This section is from the book "Mrs. Rorer's Vegetable Cookery And Meat Substitutes", by Sarah Tyson Rorer. Also available from Amazon: Mrs. Rorer's Vegetable Cookery And Meat Substitutes.......
The word "cocktail" is applied in our bills of fare to appetizers. It really no longer means a mixture of liquors. We have oyster cocktails, clam cocktails and fruit cocktails in great variety. These cocktails, or appetizers, take the place at a vegetable dinner of oysters and clams. Any mixture of fruit may be used, served in punch glasses, or in the skins of such fruits as oranges and grape fruit. You may serve with them either small spoons, ordinary oyster forks, or a fruit fork.
A good combination is banana, pineapple and lemon. Half a pineapple may be mixed with three large ripe bananas, peeled and cut into blocks, seasoned with the juice of a lemon, and a table-spoonful of powdered sugar. These may be served either in glasses or in half of the banana shells. In the Spring, place the banana shell on a fern frond just a little larger than the shell, stand it on a dainty dish and send it to the table. Canned fruits may be used, provided they are nicely blended. They must not, however, be sweet, or they will destroy rather than create an appetite.
Chopped peaches and oranges make a very nice combination and may be served in the orange shells. Canned apricots and candied or canned cherries with orange juice, served in orange shells, are exceedingly dainty.
Slice large strawberries into punch glasses, allowing about four to each person. Remember, this is an appetizer, not dessert. Put a teaspoonful of powdered sugar in the centre and squeeze into each glass the juice of half a lemon. Stand these in a cold place. At serving time, add a tablespoonful of shaved ice. Stand each glass on a little doily on a dainty plate.
Cut the oranges into halves; with a spoon scoop out the pulp, rejecting the seeds. Stand the pulp aside to get very cold. Clean out the shells and throw them into ice water. At serving time, put the pulp into the orange shells, add a teaspoonful of powdered sugar to each and a little shaved ice. Serve these on doilies on small dishes. The pulp of one grape fruit may be added to the pulp of four oranges.
Cut the grape fruit into halves. Scoop out the pulp, being very careful not to get any of the inner or white skin. Clean the shells and throw them into cold water, putting the pulp aside to get very cold. At serving time, take the shells from the water and dry them. Put into the bottom of each a tablespoonful of shaved ice. Fill them half full with the pulp. Put a tablespoonful of sugar in the centre, and arrange them for serving. Oranges may be mixed with grape fruit if desired.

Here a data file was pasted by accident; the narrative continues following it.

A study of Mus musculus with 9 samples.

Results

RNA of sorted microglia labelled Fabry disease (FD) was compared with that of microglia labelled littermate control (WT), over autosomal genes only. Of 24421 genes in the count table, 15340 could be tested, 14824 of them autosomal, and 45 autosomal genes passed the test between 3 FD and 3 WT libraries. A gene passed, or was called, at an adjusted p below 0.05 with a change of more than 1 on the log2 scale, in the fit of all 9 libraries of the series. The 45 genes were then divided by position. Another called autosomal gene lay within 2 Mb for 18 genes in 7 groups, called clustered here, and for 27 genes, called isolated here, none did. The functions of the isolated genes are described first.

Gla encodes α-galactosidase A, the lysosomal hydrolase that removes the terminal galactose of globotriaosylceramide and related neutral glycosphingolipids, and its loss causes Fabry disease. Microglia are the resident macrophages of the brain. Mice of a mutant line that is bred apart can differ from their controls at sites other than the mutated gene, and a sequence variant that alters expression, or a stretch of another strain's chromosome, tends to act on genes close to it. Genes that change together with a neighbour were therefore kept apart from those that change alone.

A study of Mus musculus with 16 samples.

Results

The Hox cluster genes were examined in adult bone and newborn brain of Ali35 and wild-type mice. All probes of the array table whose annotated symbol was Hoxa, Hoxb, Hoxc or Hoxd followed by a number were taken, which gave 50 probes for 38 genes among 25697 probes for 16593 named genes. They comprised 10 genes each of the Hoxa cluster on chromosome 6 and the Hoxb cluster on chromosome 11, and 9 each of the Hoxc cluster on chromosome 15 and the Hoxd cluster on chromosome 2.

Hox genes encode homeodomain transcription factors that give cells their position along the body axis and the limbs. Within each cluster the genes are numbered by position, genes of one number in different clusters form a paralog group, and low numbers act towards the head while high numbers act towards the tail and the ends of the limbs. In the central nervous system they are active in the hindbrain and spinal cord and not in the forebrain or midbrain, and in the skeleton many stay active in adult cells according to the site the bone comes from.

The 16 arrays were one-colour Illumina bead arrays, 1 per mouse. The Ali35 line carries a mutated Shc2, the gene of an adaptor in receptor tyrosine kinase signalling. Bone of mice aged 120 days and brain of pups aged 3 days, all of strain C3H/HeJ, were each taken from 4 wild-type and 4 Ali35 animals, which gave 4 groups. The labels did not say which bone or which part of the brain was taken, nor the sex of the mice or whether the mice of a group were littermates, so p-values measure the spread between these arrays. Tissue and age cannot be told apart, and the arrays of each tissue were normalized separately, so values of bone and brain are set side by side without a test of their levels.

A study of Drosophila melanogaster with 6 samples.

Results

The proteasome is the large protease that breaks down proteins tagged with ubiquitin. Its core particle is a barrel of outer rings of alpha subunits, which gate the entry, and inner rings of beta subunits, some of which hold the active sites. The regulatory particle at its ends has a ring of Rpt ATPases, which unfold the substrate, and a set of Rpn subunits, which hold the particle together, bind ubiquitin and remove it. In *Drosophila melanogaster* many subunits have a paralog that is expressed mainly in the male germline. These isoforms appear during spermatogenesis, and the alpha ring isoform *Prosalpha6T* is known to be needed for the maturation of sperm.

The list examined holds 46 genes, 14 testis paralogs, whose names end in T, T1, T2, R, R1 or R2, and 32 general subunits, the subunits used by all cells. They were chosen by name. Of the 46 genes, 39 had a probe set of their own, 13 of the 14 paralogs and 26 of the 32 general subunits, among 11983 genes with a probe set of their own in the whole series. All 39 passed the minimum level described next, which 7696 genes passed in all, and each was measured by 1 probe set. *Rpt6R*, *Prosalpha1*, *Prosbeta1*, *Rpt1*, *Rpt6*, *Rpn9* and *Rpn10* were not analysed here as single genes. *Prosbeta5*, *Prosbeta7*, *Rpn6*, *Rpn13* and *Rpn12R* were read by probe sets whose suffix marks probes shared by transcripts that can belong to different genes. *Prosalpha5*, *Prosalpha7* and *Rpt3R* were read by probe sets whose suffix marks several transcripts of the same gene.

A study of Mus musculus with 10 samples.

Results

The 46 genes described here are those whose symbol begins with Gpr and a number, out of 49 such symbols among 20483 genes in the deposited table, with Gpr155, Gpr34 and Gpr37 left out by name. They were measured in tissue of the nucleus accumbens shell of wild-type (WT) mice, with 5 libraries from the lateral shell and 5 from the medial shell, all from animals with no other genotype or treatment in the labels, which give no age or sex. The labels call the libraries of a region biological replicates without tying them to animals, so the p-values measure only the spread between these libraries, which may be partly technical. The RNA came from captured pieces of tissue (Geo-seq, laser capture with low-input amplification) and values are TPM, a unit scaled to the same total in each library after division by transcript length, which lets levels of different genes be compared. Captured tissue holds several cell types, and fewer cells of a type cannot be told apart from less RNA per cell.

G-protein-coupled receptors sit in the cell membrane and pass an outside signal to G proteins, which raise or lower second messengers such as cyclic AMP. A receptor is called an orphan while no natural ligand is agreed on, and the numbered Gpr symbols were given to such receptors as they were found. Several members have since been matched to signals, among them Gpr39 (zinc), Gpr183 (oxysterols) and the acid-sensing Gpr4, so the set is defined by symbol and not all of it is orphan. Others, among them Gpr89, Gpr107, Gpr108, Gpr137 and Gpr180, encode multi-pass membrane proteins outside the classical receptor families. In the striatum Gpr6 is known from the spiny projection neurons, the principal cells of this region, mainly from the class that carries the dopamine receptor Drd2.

Select six large lemons, cut them into halves crosswise, and, with a tablespoon, used as a sort of scoop, take out all the juice. Then carefully clean out the shells; throw them into cold water. To each three lemons allow a pint of ripe red cherries. Stone the cherries, dust them lightly with sugar and stand them aside. Select six large red roses. Cut a little end from each lemon rind, fill them with the cherries, put over each a teaspoonful of the lemon juice and stand them in the centre of the red roses. Mash the roses a little so that you can place them flat on a small plate. Garnish with a few green leaves.
Mash one pint of ripe currants; strain carefully through cheesecloth. Pour the juice over one pint of large raspberries. Stand them aside to cool. At serving time, fill lemonade cups half full of raspberries and juice; put in the centre of each a teaspoonful of powdered sugar and send to the table.
Plain cantaloupes are frequently served at the beginning of dinner. They may be cut into halves, crosswise, the seeds removed, and each half dished on a dainty mat on a breakfast plate; or the centre of the cantaloupe may be filled with either sliced orange or a small quantity of grated pineapple.
Select a very ripe watermelon; take out the central portion and cut it into cubes of one inch. Make a shell of less than half of the watermelon rind, put the cubes back into the shell, dust them very lightly with powdered sugar, squeeze over the juice of four oranges and send to the table. This will be served in small glass dishes with oyster or fruit forks.
Select medium-sized green peppers; cut off the stem end and remove the seeds. Throw the peppers into cold water until crisp. Peel two good-sized tomatoes, cut them into halves and remove the seeds. Cut the flesh of the tomatoes into small pieces, add to it a teaspoonful of Worcestershire sauce, a tea-spoonful of soy, the juice of half a lemon, and, if you have it, a saltspoonful of celery seed. At serving time, stand the peppers in small saucers of cracked ice, pressing them down into the ice. Fill each half full with the tomato mixture, put on the lid, and send them to the table. Serve with these either a fruit or an oyster fork.
Select small, smooth, round tomatoes, one for each person. Do not peel the tomatoes, but cut off the stem end and scoop out the seeds, taking out a portion of the flesh without breaking the skin. Chop it fine. Add to it one grated cucumber, one pimiento chopped fine, a small onion, grated, a teaspoonful of Worcestershire sauce, a half tea-spoonful of salt and a saltspoonful of celery seed. Stand this aside until very cold. At serving time, dish the tomatoes in small saucers of finely cracked ice. Fill them half full of the mixture and send to the table. Serve with this either an ordinary or a five o'clock teaspoon.